Great story, and it illustrates yet again that height of irony I keep running into about this…
Ron Collins
11

Well Russians were living in a country that knew very little about freedom back in the 1950s but that image was probably a little outdated when you heard it in the 1970s. I suppose once again it depended a lot on how far from cities you lived. I certainly never felt that I wasn’t at least as free as anyone else in the world.

I am not sure what laws govern hunting in Russia. I know it is illegal to shoot big cats like tigers and leopards which we don’t have in the west anyway. It is also illegal to shoot bears or certain birds of prey. It is open season on ducks and rabbits. I am not sure about deer or pigs but as far as I can see nobody else knows either. The only law I am aware of is that you are not allowed to shoot a gun within two kms of the town and that seems like a pretty sensible rule. The local cops will arrest you and confiscate your gun if they catch you firing it off near town but other than that they don’t seem interested in hunters or what they’re hunting.

I don’t know about gun laws either. Pretty much everybody has one but I am not sure what types are allowed or not. My dad has a Baikal 55 hunting rifle, which just looks like any other rifle to me, and a small hand-gun in case an animal is injured but not dead. A lot of people including my brothers use Tokarev rifles which were apparently designed for snipers back in the 1980s. None of them have licences as far as I know. Granddad used a old Mosin Nagent, which was the rifle issued to soldiers during the war. Pretty much every house in Russia still has one and apparently they make good hunting rifles.

Most people do not carry guns unless they are going hunting. You don’t see people in town with guns on their belts. I also don’t think there are many of those military style rifles that the newspapers tell us are everywhere in America, although you could buy one of those old AK rifles at pretty much any market if you really wanted one.

I have never heard of anyone in the area being shot.

The hunters seem to have certain self imposed rules, like you should not shoot a pregnant animal or you should not shoot any more than you can carry or anything that you are not going to use. Those rules do not apply to wild goats which are considered vermin.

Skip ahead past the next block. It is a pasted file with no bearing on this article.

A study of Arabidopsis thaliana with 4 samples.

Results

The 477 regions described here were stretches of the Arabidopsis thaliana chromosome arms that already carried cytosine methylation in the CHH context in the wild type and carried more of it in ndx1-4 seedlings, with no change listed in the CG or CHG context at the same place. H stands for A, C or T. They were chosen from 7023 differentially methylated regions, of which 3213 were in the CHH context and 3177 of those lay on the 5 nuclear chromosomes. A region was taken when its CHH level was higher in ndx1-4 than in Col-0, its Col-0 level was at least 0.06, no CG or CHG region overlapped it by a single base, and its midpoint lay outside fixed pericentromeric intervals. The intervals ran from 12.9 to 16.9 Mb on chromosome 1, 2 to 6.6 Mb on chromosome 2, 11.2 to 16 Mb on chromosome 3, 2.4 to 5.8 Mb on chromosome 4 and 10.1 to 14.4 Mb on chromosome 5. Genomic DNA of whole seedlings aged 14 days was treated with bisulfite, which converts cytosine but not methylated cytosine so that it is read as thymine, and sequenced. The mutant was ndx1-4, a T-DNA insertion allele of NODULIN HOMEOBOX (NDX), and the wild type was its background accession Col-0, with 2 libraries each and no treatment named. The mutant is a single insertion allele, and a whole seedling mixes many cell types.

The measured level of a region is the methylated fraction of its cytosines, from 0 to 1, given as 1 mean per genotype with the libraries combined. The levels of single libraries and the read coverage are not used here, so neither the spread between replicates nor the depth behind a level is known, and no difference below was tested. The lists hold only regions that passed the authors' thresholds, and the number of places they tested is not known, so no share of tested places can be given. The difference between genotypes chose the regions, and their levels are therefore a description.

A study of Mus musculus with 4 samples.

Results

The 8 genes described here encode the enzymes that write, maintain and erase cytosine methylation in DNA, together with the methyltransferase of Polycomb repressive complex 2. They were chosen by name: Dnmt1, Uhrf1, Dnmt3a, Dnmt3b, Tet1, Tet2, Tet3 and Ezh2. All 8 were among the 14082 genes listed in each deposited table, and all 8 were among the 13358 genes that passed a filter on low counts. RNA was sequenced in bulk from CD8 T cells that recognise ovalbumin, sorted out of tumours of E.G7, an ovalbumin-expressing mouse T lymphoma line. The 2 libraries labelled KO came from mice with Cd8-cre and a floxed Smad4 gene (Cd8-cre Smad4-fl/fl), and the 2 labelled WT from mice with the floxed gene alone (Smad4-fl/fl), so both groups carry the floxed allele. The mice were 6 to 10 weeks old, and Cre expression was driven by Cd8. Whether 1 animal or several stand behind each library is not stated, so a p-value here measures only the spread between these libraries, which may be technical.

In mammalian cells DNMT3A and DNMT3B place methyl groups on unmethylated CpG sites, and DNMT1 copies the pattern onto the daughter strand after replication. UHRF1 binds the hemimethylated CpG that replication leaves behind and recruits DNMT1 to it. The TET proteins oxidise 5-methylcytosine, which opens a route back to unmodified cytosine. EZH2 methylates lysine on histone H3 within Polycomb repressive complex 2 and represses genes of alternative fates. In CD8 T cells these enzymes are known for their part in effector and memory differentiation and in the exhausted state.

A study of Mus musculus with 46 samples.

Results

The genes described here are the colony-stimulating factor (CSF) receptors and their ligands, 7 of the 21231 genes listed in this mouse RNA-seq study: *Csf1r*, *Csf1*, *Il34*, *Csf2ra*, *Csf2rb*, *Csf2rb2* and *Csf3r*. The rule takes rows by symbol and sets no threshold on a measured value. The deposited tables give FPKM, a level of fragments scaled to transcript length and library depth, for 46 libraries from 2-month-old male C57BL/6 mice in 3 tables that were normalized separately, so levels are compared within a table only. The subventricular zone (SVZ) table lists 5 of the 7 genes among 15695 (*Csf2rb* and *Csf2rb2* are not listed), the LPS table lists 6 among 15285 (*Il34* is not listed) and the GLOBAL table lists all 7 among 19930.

I doubt there are that many laws. Most land is not private anyway. But the communists never seemed to care much about regulating hunting. They tried but failed miserably to disarm the rural population but the country was just flooded with rifles during the war and most people would hand in one to the officials and keep another one or two hidden.

The famine in Ukraine had not troubled Stalin and his friends in terms of the suffering of the people; but it was a huge embarrassment to them that so many people had starved in the socialist paradise. In Russia I suppose the communists figured that it was better for people to get meat by shooting at deer and pigs, otherwise hungry people with guns might have taken to shooting at communists instead. In fact in the early 50s when the party experimented with imposing restrictions on the dachas delegations of communist officials did find themselves being met by angry people with guns, until the communists thought better of it.

When I would see reports from America about some rural family being surrounded by the FBI and a big shootout ensuing, I often wondered what really happened. Of course they were always cast as “religious fundamentalists” and “far-right white supremacists;” just like those little bands of men protecting their dachas in Russia were cast by the newspapers as “counter-revolutionaries” and “enemies of the people.” “Look they had a gun and a copy of the bible; what more do you need?” just sounded like — “look they had a gun and a copy of some anti-communist book so what more do you need?” to me. I just used to think well whatever they were; there probably wouldn’t have been any shooting if the FBI had not turned up and pointed guns at them on their land.

Post communism the governments had a lot more to worry about than whether or not people were hunting. Today, Putin’s government, contrary to all the western hysteria about it in western newspapers, seems to be refreshingly hands-off in terms of meddling in the lives of the little people.

Maybe Putin finally understands what most “progressive” types don’t; if you just leave people alone then maybe they will leave you alone.

One clap, two clap, three clap, forty?

By clapping more or less, you can signal to us which stories really stand out.